Although transient ischemic strokes are often a precursor to full-blown stroke, many patients who experience a “mini-stoke” are relieved that their symptoms resolve quickly and may wait longer than they should before seeing a doctor. Two neurologists, who recently published an editorial in the Journal of the American Medical Association, are calling for doctors and patients to stop using the term TIA (transient ischemic attack) and name the event what it really is – a minor ischemic stroke, hoping that more people will seek medical attention quickly, helping to prevent permanent brain damage or a major ischemic stroke.
According to a recent New York Times report, following a ministroke or TIA, the risk for a subsequent and possibly more severe stroke is highest within the first 24 to 48 hours. The brain can sustain injury from a TIA and to help prevent further damage, patients need to go to the emergency room immediately and not wait until the next day or a more convenient time.
Successful treatment for ischemic stroke is time-sensitive. Older adults who are at greater risk for stroke, and caregivers, should be aware that symptoms of a stroke are cause for immediate medical help. The sudden appearance of symptoms such as weakness or numbness on one side of the body, loss of vision, loss of balance or coordination, or trouble with speaking or understanding language are signs of stroke. Even short periods of low blood flow to the brain can cause damage.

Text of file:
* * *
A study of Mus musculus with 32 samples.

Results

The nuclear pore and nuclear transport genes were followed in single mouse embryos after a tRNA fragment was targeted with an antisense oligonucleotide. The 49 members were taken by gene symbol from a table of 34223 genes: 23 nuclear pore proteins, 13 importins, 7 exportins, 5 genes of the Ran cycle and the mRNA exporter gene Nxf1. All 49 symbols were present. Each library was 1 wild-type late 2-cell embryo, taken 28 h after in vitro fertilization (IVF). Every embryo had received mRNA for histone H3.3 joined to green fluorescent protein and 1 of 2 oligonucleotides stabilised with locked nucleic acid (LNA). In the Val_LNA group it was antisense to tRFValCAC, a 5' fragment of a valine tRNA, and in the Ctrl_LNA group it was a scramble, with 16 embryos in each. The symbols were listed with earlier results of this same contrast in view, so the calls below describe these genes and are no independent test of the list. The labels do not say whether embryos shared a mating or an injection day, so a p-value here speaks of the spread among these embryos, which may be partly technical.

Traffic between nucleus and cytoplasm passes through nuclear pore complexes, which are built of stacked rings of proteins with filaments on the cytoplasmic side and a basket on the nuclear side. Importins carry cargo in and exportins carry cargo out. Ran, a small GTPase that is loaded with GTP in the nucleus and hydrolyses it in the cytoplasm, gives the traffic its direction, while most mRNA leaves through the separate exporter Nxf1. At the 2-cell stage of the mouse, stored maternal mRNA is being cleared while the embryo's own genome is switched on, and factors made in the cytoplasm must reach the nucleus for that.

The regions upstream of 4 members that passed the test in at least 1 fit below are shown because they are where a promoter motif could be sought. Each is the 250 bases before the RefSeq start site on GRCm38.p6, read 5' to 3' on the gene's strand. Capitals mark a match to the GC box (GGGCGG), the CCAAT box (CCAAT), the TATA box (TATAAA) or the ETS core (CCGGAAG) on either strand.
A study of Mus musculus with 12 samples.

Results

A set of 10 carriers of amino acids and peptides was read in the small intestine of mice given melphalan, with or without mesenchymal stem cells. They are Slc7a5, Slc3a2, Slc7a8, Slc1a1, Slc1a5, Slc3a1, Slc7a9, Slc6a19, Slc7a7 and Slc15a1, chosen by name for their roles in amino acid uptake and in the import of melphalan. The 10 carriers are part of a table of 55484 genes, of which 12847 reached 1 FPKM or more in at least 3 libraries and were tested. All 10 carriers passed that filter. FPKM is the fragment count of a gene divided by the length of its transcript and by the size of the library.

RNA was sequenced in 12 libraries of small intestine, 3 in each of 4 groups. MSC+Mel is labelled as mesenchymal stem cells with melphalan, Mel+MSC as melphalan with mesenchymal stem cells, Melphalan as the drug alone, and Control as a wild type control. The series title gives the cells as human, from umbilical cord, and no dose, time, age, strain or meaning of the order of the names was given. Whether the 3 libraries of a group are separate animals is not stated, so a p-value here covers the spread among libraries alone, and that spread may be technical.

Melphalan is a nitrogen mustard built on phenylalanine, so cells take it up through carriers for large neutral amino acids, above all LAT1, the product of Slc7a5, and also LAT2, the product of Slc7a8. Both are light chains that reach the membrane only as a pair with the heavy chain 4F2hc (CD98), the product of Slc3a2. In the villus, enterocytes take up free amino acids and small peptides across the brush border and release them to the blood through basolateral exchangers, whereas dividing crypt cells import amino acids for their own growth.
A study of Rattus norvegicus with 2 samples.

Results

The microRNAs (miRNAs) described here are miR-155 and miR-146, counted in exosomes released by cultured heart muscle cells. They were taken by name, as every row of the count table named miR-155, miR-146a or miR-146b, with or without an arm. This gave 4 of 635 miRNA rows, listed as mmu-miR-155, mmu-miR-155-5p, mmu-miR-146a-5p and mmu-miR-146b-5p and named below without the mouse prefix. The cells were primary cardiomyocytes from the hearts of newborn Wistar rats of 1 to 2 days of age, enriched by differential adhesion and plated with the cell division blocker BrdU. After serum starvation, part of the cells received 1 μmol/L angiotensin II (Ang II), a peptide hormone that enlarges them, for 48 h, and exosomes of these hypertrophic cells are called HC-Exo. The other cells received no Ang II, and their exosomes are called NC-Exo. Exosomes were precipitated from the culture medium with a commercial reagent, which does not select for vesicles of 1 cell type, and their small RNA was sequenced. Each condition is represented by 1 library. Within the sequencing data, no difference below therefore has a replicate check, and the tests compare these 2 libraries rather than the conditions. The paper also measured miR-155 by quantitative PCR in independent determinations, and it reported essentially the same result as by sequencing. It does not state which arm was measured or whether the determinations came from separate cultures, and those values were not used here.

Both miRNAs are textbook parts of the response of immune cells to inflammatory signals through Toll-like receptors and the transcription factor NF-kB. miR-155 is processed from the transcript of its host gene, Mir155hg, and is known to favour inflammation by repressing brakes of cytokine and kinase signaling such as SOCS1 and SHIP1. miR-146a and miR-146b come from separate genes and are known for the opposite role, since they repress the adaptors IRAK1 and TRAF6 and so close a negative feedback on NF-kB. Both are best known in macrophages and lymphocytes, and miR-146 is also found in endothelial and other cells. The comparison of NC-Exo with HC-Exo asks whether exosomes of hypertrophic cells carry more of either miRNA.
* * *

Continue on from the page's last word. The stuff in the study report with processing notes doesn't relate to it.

By seeking immediate medical attention if you suspect you or a loved one has had a minor ischemic stroke, the attack can be properly evaluated and identified, and treatment offered to help prevent a subsequent stroke. Although there are some risk factors for stroke that can’t be changed, including age, family history, or a prior TIA, there are many lifestyle factors that can be modified to lower the risk. Stopping smoking, eating a healthy diet, exercising regularly, limiting alcohol intake, controlling diabetes, and maintaining a healthy weight can all help prevent minor and major ischemic strokes.
Learn more about TIA diagnosis and treatment by following this link to the Mayo Clinic website.